Working Remotely: Stay Safe and Productive
January 7, 2021
By: William D. Oyster, CPA - Member of the Firm
When the stay at home order was first issued, I had a wave of emotions. First, I was angry because, as a socializer, regular interaction with coworkers and clients is an important component of my daily routine. Second, I was worried about how I would continue to carry out my job responsibilities with the same efficiency and customer satisfaction that I achieved while working in an office setting.
It’s safe to say we all went through a period of adjustment as we began working remotely. Maintaining a level of productivity and success will require continual evaluation and adjustment. Given that, I wanted to share some ideas that could be helpful to consider as you continue to work from home.
Stay in touch: Beyond a need for socialization throughout the day, keeping in contact with your team is essential to keep
everyone on track with projects and to ensure coworkers do not feel lost or disconnected. The use of video conferencing has increased significantly over the last year and is a great way to feel a connection to the team you would typically see face to face throughout your workday. Having a set schedule of check-ins, which most likely will need to be more frequent than when everyone was together in the office, ensures workflow and essential tasks are handled timely.
Along with check-ins, staff more than ever need supervisor feedback on work performance, advice on how to be effective in
their job duties, and direction to keep the organization moving forward with their strategic plans. Be sure to touch on these
topics as you communicate.
Evaluate your setup: Fundamental to being productive while working at home is having the right technology to work proficiently. It is imperative to have a proper workspace with a sufficient layout and equipment. While printers, scanners, and additional monitors are an investment, they may be necessary to efficiently perform your job duties. Also, having a comfortable setup and a proper office chair will allow you to have a productive workday.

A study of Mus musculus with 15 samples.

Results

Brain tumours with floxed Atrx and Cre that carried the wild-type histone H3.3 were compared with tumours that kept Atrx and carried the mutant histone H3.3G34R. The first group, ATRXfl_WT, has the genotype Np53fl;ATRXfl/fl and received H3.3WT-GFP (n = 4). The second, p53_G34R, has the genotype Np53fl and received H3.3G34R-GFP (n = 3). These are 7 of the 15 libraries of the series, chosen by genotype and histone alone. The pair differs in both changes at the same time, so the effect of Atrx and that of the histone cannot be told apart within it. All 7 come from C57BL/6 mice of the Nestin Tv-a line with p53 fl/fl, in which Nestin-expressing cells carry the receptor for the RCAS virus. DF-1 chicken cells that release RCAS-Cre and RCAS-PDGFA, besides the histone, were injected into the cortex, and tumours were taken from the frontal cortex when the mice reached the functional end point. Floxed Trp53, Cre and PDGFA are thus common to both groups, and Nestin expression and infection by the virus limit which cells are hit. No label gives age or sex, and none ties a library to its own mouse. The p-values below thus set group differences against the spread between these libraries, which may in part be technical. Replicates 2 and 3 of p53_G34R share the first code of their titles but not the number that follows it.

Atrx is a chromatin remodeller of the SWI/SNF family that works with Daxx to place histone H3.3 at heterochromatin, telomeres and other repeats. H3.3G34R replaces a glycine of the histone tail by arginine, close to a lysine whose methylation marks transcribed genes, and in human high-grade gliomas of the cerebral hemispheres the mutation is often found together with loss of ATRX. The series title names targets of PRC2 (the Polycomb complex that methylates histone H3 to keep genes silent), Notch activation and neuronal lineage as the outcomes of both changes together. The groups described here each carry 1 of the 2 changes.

Often, having the right software is even more important than having good hardware. More than likely, working remotely will require being more paperless than when you were in an office setting. To aid in that, PDF add-ins can help you organize information and documentation for review and approval. The ability to print to a PDF is a great way for workflow to move through the normal processes that used to involve shuffling paper. While a paperless approach creates a new set of challenges, most of them can be overcome either by thinking outside the box or a couple of Google searches. One problem I faced at the beginning was reviewing large electronic documents where I had to compare information on nonconsecutive pages. I learned quickly that most programs I worked with (Word, Excel, Adobe) had a feature under the view menu to create a new window. This allowed me to display the same live file on separate screens and made the review process much easier. Whatever your challenges are, sharing them with coworkers, peers, or even Google can help you find a solution.
Protect your data: With increased numbers of people working remotely, scammers are working overtime. Be extra cautious of unexpected communication through email, especially if it involves changes to financial information. Fraudsters will impersonate coworkers or bosses, vendors, or customers trying to get bookkeepers to change a direct deposit account or vendor payment account to divert funds to their accounts. Always follow up with an individual through a phone call or require official signed forms to be completed and submitted to authorize account changes. Extra security is also a good idea with employees accessing information remotely – two-factor authentication is available in progressively more software packages to help keep unwanted individuals from accessing confidential information. For example, a computer user is granted access to a website or application only after successfully confirming the login request is valid on a cell phone associated with their account.
As I mentioned, it’s important to take the time to evaluate and re-evaluate that your processes are setting you and your organization up for success. I hope you stay happy, healthy, and productive!